How to be a Good Listener

good listener

Sometimes it’s hard to remember to be a good listener, especially for your partner. For example, if you’ve been together for a long time, you might feel like you can anticipate what they’re going to say. After all, you’ve been finishing each other’s sentences for a long time. Or maybe you’re in the middle of an argument, and you’re more focused on getting your point across. Perhaps, you’ve had a heck of a week, and all you want is an hour by yourself to be quiet and decompress.

Whatever the reason you’re being a good listener, it’s essential to the health and intimacy of your relationship for both you and your partner to make an effort to listen to each other actively.

Why is being a good listener important in a relationship?

Do you remember the early days of your relationship when you would stay up all night talking about nothing and everything? You were hanging on each other’s every word, learning about each other — and building intimacy and trust.

As time goes on and you fall into the routine of daily life and responsibilities, you may not experience the same intensity (of anything) that you did in the early days, but you should take time to foster your intimacy and trust in each other. Talking and actively listening to each other demonstrates that you not only see and hear your partner but that you’re interested and invested in what they’re saying.

Being a good listener allows your partner to open up and be vulnerable with you. A close and intimate relationship provides a safe space to be vulnerable and to share your worries, fears, and dreams.

What is active listening?

good listener

Active listening, as the name indicates, is the practice of genuinely listening to another person and concentrating on what they’re saying, both verbally and non-verbally. It allows your partner to feel your love and attention and know that you truly hear what they have to say.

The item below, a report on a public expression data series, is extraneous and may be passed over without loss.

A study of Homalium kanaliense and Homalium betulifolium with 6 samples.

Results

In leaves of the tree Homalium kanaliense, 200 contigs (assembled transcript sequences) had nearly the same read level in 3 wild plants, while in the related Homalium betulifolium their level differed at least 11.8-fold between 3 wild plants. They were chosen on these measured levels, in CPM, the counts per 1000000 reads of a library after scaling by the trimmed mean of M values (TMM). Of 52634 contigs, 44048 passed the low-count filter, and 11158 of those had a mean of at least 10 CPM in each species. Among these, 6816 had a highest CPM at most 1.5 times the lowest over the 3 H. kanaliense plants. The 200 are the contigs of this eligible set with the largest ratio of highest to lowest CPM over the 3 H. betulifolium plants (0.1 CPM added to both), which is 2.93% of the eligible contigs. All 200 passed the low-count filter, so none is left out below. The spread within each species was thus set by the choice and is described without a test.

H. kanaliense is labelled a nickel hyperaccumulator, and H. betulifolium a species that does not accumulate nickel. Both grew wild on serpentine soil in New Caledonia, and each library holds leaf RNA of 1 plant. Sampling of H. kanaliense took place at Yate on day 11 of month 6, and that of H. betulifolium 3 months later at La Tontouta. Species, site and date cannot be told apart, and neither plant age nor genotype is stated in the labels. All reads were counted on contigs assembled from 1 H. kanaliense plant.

How can I improve my listening skills?

While the steps of active listening can feel formulaic, with practice you can make active listening a habit, so it feels like second nature.

Be interested

Listening is more than being quiet until it’s your turn to talk. It’s a selfless act of being a blank slate for your partner, putting aside your thoughts and judgments so you can take in everything your partner is saying.

Mirror and repeat

You can demonstrate that you’re listening to your partner by repeating what they’ve said back to them. For example, if your partner is talking about a problem they’re facing at work, you could repeat back to them “It sounds like XX project is challenging” or “it sounds like you’re saying…” At the same time, you can mirror their body language or lean toward them to physically demonstrate your interest.

Ask questions to clarify

Another listening tool you can practice is asking questions for clarification. In addition to showing your partner that you want to understand them, it also helps you make sure you do understand and that you’re not making any assumptions about their thoughts or feelings.


Sometimes you or your partner might just need to vent and get some emotions off your chest. It’s normal to want to offer advice and help your partner resolve their problem, but that’s not always what they’re looking for. Sometimes, all your partner wants to hear is “That sounds like it was tough for you” or “That must make you feel…” If your partner wants your advice, they’ll probably ask you for it.


Validation lets your partner know that you not only understand what they’re saying but why they’re saying it. Phrases like “I can see why you feel that way” or “I understand why that makes you feel happy/frustrated/sad” show that you understand their point of view. It shows that you value and respect them.

It’s okay if you don’t practice active listening all the time. However, if you and your partner are going through a stressful time or starting to feel disconnected or that your intimacy is fading, taking time and patience to listen to each other is a great way to rebuild intimacy and trust.

If you don’t know where to start or are concerned about your ability to communicate with your partner, contact the team of compassionate counselors at North Brooklyn Marriage and Family Therapy. Working with a counselor can help you improve your communication skills including listening to strengthen your relationship.